Google parent Alphabet has become the latest tech giant to announce major job cuts, as tech companies retrench after their surge of growth during the pandemic.
Alphabet and Google chief executive Sundar Pichai said in an open letter late on Friday the company would cut about 12,000 jobs, or roughly 6 percent of its global workforce.
Pichai said the company had “hired for a different economic reality” from the situation today.
Surging inflation and higher interest rates have recently led to an economic slowdown.
Pichai said the company had undertaken a “rigorous review” to ensure its “people and roles are aligned” with the firm’s priorities.
He said the cuts would affect all of Alphabet’s units, not just Google, and would take place across all regions and product areas.
Alphabet’s announcement follows the announcement of 10,000 job cuts at Microsoft earlier last week, affecting nearly 5 percent of its workforce, and Amazon’s move to cut 18,000 jobs, or 1.2 percent of its worldwide staff, in early January.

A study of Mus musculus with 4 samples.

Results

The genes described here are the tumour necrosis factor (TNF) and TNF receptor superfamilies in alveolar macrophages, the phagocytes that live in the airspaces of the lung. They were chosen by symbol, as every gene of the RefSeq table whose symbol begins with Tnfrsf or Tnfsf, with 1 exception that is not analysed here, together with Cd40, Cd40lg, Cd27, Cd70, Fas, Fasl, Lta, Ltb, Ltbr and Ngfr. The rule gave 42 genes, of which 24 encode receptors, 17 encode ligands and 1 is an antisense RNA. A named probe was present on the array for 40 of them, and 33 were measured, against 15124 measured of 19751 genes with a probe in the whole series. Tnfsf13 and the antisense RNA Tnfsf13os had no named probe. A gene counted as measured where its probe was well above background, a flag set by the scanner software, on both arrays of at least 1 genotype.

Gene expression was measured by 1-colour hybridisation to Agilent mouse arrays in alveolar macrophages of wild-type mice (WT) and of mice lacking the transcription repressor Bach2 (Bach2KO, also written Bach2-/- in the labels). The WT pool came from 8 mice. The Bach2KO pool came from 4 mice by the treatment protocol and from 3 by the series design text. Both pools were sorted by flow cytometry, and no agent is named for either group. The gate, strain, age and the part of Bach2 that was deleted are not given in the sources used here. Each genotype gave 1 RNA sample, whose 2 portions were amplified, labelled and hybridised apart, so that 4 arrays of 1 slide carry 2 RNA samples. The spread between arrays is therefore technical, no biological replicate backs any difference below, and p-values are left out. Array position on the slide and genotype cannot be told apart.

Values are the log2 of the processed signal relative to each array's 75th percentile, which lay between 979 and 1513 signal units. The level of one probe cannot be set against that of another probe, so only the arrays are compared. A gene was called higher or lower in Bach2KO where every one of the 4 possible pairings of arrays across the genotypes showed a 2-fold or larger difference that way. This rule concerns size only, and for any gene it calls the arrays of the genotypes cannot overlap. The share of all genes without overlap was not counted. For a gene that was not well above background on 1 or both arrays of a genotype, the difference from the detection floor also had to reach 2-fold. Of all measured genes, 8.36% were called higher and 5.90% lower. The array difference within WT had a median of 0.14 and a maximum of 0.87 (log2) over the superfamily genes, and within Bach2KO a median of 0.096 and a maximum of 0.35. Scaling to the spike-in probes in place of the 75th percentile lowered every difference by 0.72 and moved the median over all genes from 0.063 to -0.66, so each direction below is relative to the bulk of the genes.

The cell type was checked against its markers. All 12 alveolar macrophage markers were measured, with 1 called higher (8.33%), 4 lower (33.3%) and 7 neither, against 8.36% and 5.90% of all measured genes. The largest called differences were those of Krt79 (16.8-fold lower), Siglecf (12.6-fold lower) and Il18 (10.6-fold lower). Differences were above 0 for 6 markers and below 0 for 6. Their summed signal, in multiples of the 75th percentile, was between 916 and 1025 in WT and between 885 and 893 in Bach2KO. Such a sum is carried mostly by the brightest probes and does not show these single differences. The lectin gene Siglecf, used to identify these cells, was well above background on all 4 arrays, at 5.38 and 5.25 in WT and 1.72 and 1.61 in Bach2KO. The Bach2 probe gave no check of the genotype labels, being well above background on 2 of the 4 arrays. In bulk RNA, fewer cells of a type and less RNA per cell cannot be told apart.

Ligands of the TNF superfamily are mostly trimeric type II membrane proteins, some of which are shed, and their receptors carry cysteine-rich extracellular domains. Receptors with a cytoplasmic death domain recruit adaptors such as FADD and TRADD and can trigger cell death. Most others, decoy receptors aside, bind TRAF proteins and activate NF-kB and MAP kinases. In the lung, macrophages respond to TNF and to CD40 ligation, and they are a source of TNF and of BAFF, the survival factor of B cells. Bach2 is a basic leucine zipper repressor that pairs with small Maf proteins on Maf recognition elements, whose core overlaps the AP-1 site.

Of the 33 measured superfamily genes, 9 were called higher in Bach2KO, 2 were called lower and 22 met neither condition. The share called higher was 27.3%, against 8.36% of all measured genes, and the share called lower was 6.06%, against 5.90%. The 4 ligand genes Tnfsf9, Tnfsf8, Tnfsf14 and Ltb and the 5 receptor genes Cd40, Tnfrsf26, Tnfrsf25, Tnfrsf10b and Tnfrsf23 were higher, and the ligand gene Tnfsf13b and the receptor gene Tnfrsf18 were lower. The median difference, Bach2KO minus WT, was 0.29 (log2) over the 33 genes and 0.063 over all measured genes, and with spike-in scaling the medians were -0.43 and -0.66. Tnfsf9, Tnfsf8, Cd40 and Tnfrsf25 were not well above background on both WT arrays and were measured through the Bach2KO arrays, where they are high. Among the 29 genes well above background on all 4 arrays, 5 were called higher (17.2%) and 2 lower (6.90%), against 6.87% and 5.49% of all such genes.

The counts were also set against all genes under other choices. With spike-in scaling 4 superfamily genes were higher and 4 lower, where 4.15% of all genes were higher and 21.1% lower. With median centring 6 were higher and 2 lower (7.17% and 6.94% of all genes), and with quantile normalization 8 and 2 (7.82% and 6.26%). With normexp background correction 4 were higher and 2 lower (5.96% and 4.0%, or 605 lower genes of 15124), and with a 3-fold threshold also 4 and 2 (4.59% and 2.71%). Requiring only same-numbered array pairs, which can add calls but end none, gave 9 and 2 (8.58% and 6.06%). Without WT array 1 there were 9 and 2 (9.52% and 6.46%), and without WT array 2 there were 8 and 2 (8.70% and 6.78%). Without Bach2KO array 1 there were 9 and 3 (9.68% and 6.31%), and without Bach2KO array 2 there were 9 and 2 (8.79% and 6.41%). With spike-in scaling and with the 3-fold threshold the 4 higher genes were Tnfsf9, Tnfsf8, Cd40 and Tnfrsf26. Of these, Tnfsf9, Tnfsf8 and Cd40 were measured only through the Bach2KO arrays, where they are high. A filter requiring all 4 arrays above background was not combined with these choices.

Salesforce cut more than 10,000 jobs earlier this month, while Facebook parent Meta announced 11,000 job cuts in November as ad spending slowed.
Apple remains the only one of the biggest tech firms yet to announce layoffs.
Pichai said in the US Alphabet would offer severance packages starting at 16 weeks’ salary, with an additional two weeks for every year worked, including 2022 bonuses and unused vacation time, six months of healthcare and additional support services.
“As an almost 25-year-old company, we’re bound to go through difficult economic cycles,” Pichai wrote, adding it was important to “sharpen our focus”.
Wedbush analyst Dan Ives said the cuts in Silicon Valley were the result of “hypergrowth” during the pandemic.
“The reality is tech stalwarts overhired at a pace that was unsustainable,” he said.